The U.S. Department of Labor is reviewing Portland’s minimum wage ordinance, as well as similar laws in other cities and states, to see how it “intersects with federal tip credit law.”

Federal law sets a $5.12 maximum for the tip credit, which is the difference between tip earners’ base wage and the minimum. Under the ordinance that took effect in Portland on Jan. 1, the difference is $6.35. If workers’ tips don’t bring their overall pay to the minimum wage, the tip credit provision requires employers to make up the difference.

It’s not clear how long the review will take or what would happen here or elsewhere if the wage laws are found to be illegal.

For now, restaurant owners are assuming that Portland’s ordinance is legal, but they are anxious for the matter to be resolved.

“Someone has got to make a call,” said Steve DiMillo, the owner of DiMillo’s On the Water, who opposed the wage increase. “It’s time for someone to make a call, so they don’t leave operators or the wait staff not knowing what their pay should be.”

The issue was raised by Gov. Paul LePage on Thursday at a meeting of business leaders in Waterville, where he cited Portland’s new minimum wage ordinance as an example of why the minimum wage should be left alone.


His administration argues that Portland’s ordinance establishing a $10.10 an hour minimum wage doesn’t comply with federal law because the base wage for tipped workers, such as waiters and waitresses, continues to be $3.75, resulting in a $6.35 difference that exceeds the $5.12 maximum.

A spokesman for the U.S. Department of Labor said in an email late Thursday that it was not investigating any violations in Portland and was not planning any enforcement action. But in response to follow-up questions Friday, the federal agency indicated that it is conducting a wider review of minimum wage laws, which could affect other states and cities, as well as Portland.

“The Department is pleased that many states and localities have increased their minimum wage beyond the federal law in recent years and federal law does not prevent the establishment of higher state minimum wages,” the federal labor department said in a statement. “In light of the increases, however, the department is currently reviewing how those higher state minimum wages intersect with federal tip credit law. The maximum tip credit that an employer can currently claim under the (Fair Labor Standards Act) is $5.12 per hour under federal law.”


A Department of Labor spokesman said the wider review was not sparked by the LePage administration, but is in response to “a number of states and localities increasing their minimum wage beyond federal law.”

The Department of Labor website lists nine states with tip credits larger than $5.12 an hour.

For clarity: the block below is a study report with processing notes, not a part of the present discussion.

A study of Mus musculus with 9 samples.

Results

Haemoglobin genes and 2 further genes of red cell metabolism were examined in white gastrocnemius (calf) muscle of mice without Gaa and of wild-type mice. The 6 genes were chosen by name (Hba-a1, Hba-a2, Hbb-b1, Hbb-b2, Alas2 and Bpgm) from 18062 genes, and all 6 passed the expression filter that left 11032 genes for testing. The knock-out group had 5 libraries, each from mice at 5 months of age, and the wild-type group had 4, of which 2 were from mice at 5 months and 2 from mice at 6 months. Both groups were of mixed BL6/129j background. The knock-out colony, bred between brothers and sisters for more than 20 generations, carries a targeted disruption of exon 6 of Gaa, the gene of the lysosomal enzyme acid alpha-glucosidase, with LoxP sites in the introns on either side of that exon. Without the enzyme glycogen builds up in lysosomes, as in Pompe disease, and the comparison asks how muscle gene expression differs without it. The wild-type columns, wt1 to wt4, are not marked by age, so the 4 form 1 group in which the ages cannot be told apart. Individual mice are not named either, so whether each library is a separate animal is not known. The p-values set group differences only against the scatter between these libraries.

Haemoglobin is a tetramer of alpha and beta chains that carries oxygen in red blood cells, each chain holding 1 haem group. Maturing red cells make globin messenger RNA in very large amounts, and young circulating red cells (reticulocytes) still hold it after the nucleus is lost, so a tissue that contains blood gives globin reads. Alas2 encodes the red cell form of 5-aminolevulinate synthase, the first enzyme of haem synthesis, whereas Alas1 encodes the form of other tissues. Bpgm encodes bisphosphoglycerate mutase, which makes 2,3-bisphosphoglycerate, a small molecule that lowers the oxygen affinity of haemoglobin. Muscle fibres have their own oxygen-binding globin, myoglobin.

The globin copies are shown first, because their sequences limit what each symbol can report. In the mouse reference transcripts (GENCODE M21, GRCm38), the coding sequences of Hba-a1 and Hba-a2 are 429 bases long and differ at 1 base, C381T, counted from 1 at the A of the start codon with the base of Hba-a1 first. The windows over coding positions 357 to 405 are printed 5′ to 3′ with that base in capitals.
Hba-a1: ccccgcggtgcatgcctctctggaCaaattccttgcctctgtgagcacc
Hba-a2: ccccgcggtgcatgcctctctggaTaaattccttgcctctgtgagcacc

In Massachusetts, the state legislature approved a raise in the minimum wage to $10 per hour Jan. 1. The tipped employee base wage rose to $3.35, making the state’s so-called tip credit $6.65.

Despite that possible inconsistency with federal law, no one from Washington, D.C., has intervened, said Colleen Quinn, a spokeswoman for the Massachusetts Department of Labor and Workforce Development.

“We haven’t heard anything during the process of raising our minimum wage and our tipped wage,” Quinn said.

No issues have been raised in Nebraska either, according to a labor spokesperson for that state. As of Jan. 1, the minimum wage for most workers rose to $9 an hour, but the tipped wage remained at the federal minimum, making the so-called tip credit $6.87.

Washington, D.C. – where the Department of Labor is headquartered – raised its minimum wage last summer to $10.50 and now has a tip credit of $7.73 – one of the largest gaps in the country between the minimum wage and the base wage for tip earners.

Addressing a crowd of about 60 business leaders in Waterville on Thursday, LePage suggested that legal action was imminent against Portland over its wage law.


“Let me tell you what’s happening,” LePage said. “Right now, Portland increased their minimum wage to $10.10. They are violating federal law. Now it is coming out shortly, (that) they got to pay all the money back to people, all the money that has been paid has to be paid back to employers since Jan. 1. It’s going to be a mess.”

It’s unclear what LePage was talking about in terms of the repayment of wages. For the second day, the governor’s media staff didn’t respond to a request to speak with the governor on Friday, nor did it provide clarification or an explanation.


The city and an outside attorney who helped with the minimum wage ordinance in Portland said it complies with federal law because both the minimum wage and the base wage of tipped workers are higher than the federal minimums.

That interpretation was supported by Andrew Schmidt, a Portland-based attorney who specializes in workers’ rights. Schmidt said he was “flabbergasted” by the governor’s allegations, especially the suggestion that money would have to be repaid to employers.

“That makes absolutely no sense,” he said. “As long as an employer is paying (the federal minimum base wage), there is no federal violation. Anyone in compliance with the Portland ordinance will automatically comply with (federal law).”


David Turin, who owns David’s Restaurant, believes the city’s ordinance is valid, and attributed the flare-up to a political disagreement.

“How can you get in trouble for paying someone more than” the federal minimum wage? Turin said. “It seems like it’s a lot of political wrangling. It’s going to be really, really awful if this gets dragged out and a bureaucrat files a lawsuit in November.”

Staff Writer Matt Byrne contributed to this report.


Only subscribers are eligible to post comments. Please subscribe or login first for digital access. Here’s why.

Use the form below to reset your password. When you've submitted your account email, we will send an email with a reset code.